Words are written from right to left in Hebrew, so the first letter in this word is on the right. It looks, in the script I’m using now, like a lowercase ‘n’. Each letter in the Hebrew alphabet is symbolic of one or more things and is in itself a complete concept or set of meanings. This letter is the letter mem. Mem carries the ideas of peace, protection, and living water. Notice that there is an opening at the bottom of mem and it represents a picture of living flowing water (which is not like stagnant or still water in a cistern). Jesus refers to himself as 'living water' and tells the Samaritan woman that he can provide superior water to the water in her well, saying, 'Indeed the water I give him will become in him a spring of water welling up to eternal life." John 4:14.
The second letter is vav. Vav is a picture also. It is a man (person) viewed from the side with head protruding and arms straight at his side. Vav is also sometimes considered a picture of a hook. In both instances there is the idea that this is one on whom things can be hung. Man is the one on whom the Word of God is hung. For example, Paul said, we are clothed with Christ. This is the idea behind vav.
The third letter is samech. Samech is the first letter in a series of letters which are connected with blessings, promises, and warnings. Samech symbolizes ‘support to the fallen’. It is that upon which one can lean. The person of God should lean upon the promises and the warnings of God in order to receive His blessings, otherwise he finds himself crippled, lame, or stumbling through life but unable to recover.
Finally, the fourth letter is resh. It is the picture of the back of the head and it stands for ‘human reasoning.’ It also can be a symbol for ‘obedience’. A person has to choose whom he will obey. Either he will follow the ways of God or his own thinking.
Now, back to the meaning of the word musar or discipline. Musar is a picture. Let's take a close look at it by comparing and contrasting the two letters on the right with the two on the left.
Do you see similarities? The mem and the samech are both roundish, and the vav and the resh are similar to one another in their shape. However, there are differences between each letter also. You'll see that mem has an opening at it's base while samech is completely closed. Vav’s top stroke is less dominant than that of the resh. These comparisons and contrasts are part of the story of musar. Discipline is in fact, illustrated in the word musar.
Discipline can be defined as "corrective instruction intended to guide individuals toward peace, prosperity, a good outcome". Musar is the picture of two persons (or options). On the right is a person who’s thinking is given fresh perspective by the continual washing and cleansing of the living waters of God’s Word. Ideas, thoughts, or opinions which would be lead him to stagnant living are washed away. His ideas are continually purified under the spout of truth. He can expect blessings, peace, and protection. The Proverbs are full of this same sentiment. Paul, the Hebrew of Hebrews, taught that the man who set his thoughts on the Spirit would enjoy abundant life and peace.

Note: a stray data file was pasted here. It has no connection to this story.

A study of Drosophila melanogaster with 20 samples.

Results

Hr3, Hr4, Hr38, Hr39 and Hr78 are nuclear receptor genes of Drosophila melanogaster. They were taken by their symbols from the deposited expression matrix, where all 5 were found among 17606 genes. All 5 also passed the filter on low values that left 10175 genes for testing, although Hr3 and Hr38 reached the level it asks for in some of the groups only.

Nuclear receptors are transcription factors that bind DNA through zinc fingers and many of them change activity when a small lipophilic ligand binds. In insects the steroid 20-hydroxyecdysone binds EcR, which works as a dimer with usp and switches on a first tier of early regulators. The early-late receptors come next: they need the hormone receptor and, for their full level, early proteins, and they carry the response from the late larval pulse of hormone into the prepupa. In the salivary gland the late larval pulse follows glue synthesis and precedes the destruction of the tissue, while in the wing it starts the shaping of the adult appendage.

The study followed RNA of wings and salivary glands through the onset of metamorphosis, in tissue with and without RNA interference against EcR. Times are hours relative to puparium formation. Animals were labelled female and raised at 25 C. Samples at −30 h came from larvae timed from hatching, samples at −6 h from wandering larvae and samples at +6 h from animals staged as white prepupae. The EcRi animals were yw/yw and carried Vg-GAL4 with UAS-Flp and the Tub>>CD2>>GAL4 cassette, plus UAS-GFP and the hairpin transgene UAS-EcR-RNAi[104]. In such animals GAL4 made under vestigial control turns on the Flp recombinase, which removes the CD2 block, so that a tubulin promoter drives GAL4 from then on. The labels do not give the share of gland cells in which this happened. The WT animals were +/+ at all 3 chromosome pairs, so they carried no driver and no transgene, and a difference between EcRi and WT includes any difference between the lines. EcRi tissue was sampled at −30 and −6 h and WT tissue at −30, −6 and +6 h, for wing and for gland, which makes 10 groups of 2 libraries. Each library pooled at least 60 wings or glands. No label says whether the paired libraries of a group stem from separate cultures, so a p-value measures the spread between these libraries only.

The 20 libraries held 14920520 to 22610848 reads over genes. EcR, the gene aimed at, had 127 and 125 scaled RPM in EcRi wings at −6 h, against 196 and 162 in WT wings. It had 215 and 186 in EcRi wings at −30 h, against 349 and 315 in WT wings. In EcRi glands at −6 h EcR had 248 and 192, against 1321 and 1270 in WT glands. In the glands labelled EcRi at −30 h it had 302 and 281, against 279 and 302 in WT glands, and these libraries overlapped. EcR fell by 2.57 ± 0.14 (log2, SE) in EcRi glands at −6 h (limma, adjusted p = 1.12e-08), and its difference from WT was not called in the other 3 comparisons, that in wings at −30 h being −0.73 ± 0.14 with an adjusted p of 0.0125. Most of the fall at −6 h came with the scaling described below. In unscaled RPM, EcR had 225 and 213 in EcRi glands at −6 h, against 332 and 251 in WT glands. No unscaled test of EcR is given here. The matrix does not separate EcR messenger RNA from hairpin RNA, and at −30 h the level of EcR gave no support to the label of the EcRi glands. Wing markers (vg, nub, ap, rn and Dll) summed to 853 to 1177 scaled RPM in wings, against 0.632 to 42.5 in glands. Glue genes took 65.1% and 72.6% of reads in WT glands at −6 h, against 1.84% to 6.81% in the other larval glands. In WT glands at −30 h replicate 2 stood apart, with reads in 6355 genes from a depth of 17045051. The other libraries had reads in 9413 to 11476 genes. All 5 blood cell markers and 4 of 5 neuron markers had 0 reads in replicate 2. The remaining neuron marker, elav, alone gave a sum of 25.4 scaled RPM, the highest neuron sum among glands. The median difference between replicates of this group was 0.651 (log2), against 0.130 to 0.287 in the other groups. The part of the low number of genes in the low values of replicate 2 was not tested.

The person on the left stands in contrast to the man on the right. His thinking is limited to his own reasoning. He is close minded to the helpful instruction of God's word. That which is intended to support him through life is subjugated to his own exaggerated thoughts of himself. Note the oversized ‘head’ on the resh-- in fact, the resh is the image of a head so large that there is no body! This guy is guided totally by his own ideas of right and wrong. The Proverbs also speak of this type of person. He is called a fool and his ways are called folly. There is a way that seems right to a man, but the end of them is death.
The word musar pictures two people or approaches to life. Discipline is intended to draw out the distinctions between these two. Discipline is meant to help us avoid being the fool and become, instead, the man who is blessed, at peace, and a vessel of living water. The writer to the Hebrews (not surprisingly) was surely thinking of this idea when he wrote:
“No discipline seems pleasant at the time, but painful. Later on, however, it produces a harvest of righteousness and peace for those who have been trained by it. Therefore strengthen your feeble arms and weak knees. ‘Make level paths for your feet,’ so that the lame may not be disabled, but rather healed.”
How is discipline to be done? ......that will be the topic of the next post.